Monday, January 29, 2007

Duct Tape Doritos - Interview with Joe Herbert

I was able to reach out to the creator of the Doritos Duct Tape commercial, Joe Herbert. His commercial, Duct Tape Doritos, is currently one of the top five finalists in Doritos "Crash the Super Bowl" promotion. I didn't want to go into too much detail since he is quite busy with other obligations as a result his recent success. However, he did take the time to answer five questions for me. Feel free to read below.

1. What made you decide to this? We had just finished our first short film, and were looking for a second project a good friend (and co-producer) heard about the contest Doritos was having, where the winning commercial would be aired during the Super Bowl. The timing was perfect, because we love football, super bowl commercials, and Doritos.

2. What is your background in writing script? It is our dream to one day make a movie, and over the last three years we began reading and learning about every aspect of film making, including script writing. Prior to the Doritos commercial we had written two scripts, a feature and a short film script, and had started various others.

3. How did you come up with this particular skit? The Duct Tape commercial idea came from similar real life experiences and the lengths you must go to protect your food when you live with roommates, especially in college when actually having food is such a commodity. I personally purchased and installed a locking door knob for my bedroom where next to the bed I kept my full sized refrigerator. In addition... who among us has not at one point wished they could duct tape someone to a door/wall.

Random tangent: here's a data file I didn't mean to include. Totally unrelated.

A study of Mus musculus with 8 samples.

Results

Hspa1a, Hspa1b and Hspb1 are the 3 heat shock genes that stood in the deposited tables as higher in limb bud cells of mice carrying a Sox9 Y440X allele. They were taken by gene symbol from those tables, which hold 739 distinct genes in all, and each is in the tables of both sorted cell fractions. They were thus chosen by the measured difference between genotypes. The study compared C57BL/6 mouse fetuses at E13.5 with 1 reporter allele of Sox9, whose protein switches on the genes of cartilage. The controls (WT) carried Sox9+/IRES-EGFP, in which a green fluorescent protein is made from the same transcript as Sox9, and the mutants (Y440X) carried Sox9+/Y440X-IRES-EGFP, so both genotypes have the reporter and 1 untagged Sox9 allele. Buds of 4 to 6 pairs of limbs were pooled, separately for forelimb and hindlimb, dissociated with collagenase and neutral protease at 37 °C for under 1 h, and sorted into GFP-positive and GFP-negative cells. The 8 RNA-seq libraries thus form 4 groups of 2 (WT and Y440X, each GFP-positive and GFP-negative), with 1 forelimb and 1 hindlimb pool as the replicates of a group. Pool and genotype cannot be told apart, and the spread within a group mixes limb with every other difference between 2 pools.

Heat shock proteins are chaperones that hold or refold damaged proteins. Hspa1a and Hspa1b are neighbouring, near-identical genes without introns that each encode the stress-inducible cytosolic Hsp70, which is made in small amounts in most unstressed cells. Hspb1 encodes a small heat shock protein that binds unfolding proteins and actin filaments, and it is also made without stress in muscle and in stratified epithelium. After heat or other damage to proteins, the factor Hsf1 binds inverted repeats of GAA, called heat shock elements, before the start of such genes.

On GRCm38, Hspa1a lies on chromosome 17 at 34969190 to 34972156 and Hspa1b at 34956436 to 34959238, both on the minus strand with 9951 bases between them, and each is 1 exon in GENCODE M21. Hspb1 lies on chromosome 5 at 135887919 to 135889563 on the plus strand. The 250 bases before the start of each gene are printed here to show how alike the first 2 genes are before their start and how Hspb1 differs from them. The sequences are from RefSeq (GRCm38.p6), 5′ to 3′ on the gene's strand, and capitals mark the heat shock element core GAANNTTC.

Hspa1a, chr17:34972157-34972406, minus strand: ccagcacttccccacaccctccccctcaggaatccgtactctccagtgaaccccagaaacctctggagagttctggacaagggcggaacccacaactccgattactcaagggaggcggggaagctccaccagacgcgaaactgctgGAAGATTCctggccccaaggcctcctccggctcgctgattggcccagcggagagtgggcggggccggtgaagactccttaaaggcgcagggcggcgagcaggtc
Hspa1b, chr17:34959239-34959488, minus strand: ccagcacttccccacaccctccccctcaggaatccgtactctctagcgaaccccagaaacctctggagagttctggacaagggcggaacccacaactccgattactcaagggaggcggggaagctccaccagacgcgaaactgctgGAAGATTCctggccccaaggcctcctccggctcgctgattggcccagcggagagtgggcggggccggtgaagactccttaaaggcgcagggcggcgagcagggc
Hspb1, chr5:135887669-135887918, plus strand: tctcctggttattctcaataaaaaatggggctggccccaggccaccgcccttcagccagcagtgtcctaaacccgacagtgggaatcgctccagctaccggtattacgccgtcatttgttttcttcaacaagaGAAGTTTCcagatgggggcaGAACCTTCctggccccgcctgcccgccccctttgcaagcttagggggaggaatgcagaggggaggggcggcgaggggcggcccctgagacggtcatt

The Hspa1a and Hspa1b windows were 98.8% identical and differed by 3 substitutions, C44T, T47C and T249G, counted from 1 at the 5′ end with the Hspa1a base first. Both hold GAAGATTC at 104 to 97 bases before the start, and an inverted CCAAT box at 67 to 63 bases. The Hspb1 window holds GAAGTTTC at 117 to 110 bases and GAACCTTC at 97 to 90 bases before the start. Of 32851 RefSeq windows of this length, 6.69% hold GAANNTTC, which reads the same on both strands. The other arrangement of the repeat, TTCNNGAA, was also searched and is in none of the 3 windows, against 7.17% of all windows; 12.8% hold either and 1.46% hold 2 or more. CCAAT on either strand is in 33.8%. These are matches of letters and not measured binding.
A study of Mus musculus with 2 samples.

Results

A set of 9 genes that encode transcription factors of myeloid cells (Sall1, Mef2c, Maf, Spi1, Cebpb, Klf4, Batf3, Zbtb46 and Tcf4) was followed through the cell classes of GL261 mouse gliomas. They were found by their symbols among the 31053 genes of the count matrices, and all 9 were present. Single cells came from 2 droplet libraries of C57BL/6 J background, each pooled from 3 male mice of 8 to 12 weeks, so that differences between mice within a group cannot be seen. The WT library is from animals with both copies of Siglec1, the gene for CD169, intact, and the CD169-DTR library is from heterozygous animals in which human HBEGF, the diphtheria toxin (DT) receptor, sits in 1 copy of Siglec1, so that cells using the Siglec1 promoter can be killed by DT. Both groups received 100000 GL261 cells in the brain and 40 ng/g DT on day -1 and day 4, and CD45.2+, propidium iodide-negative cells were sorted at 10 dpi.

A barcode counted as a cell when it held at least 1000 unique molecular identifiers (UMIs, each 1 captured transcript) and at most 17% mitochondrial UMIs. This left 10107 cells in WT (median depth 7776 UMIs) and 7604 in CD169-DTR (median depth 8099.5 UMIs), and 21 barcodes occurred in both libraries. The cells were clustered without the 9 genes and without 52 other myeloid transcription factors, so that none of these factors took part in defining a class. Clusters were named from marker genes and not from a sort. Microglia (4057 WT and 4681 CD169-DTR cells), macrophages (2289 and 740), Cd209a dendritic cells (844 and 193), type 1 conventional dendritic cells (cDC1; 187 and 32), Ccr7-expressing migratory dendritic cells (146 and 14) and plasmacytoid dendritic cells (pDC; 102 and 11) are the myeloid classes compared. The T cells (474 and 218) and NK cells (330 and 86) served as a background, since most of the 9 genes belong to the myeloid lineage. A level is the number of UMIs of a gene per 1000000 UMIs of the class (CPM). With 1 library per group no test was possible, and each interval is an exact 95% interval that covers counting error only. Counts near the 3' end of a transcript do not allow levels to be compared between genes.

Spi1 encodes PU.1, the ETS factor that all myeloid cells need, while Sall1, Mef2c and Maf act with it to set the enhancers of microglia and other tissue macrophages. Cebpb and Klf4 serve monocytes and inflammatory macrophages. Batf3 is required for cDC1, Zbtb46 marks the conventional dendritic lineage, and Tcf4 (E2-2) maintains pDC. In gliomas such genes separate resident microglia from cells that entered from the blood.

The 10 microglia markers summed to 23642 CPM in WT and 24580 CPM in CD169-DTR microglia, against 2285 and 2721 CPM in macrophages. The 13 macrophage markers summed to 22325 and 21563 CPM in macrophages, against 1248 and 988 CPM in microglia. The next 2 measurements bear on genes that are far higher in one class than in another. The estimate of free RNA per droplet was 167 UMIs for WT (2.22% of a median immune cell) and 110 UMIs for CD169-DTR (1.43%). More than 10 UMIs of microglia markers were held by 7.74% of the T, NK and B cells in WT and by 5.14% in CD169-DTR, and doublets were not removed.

4. How much experience do you need to make a commercial of this quality? You don't need a lot of experience to make a quality commercial, but that does not mean that anyone could do it either. What you need first and foremost, is a creative imagination and the ability to begin with an idea that has high quality potential if done right. Then we realized is that you don't have to do it alone. The bigger budget film productions have a large cast of people all with specialized talents. We sought out local filmmakers in the community looking for volunteers to help us. The ability to sell your idea, as well as yourself, is helpful. If you have a great script and the leadership a good director has, that makes it easy to get other people excited about being a part of it. We started by obtaining the talents of Jim Timperman (director of photography) and John Blankenship (Sound) and everything else fell into place. We ended up with a total of 20 people between cast and crew. We also spent countless hours in preproduction planning every shot, so that when the day of shooting came around, we could easily manage the combined efforts of 20 people successfully.

5. Would you change anything about the commercial if you had to do it over again? Because of the amount of time we spent researching the idea, location scouting, planning out the shots, and organizing cast and crew, we were very well prepared for anything, and we extremely happy with how everything came together. You could enter as many as 10 commercials in the contest, and we submitted two. Both made the top 8 in the contest with over 1,000 entries... and if we had it to do all over again, the only thing we might have changed is maybe doing 10 commercials.. fortunately for the other contestants we only did the two.

Make sure to vote for Doritos Duct Tape at

I hope his commercial is aired during Super Bowl XLI and wish Joe all the success in the world for future endeavors.


Kevin said...

Great post! Way to reach out to the source and get them involved. I may try this tactic myself and see if it helps my limping traffic!

MarketRMan said...


It sort of helps since I'm related to Joe. I don't think it would've bee possible otherwise, but thanks for continuing to read my blog.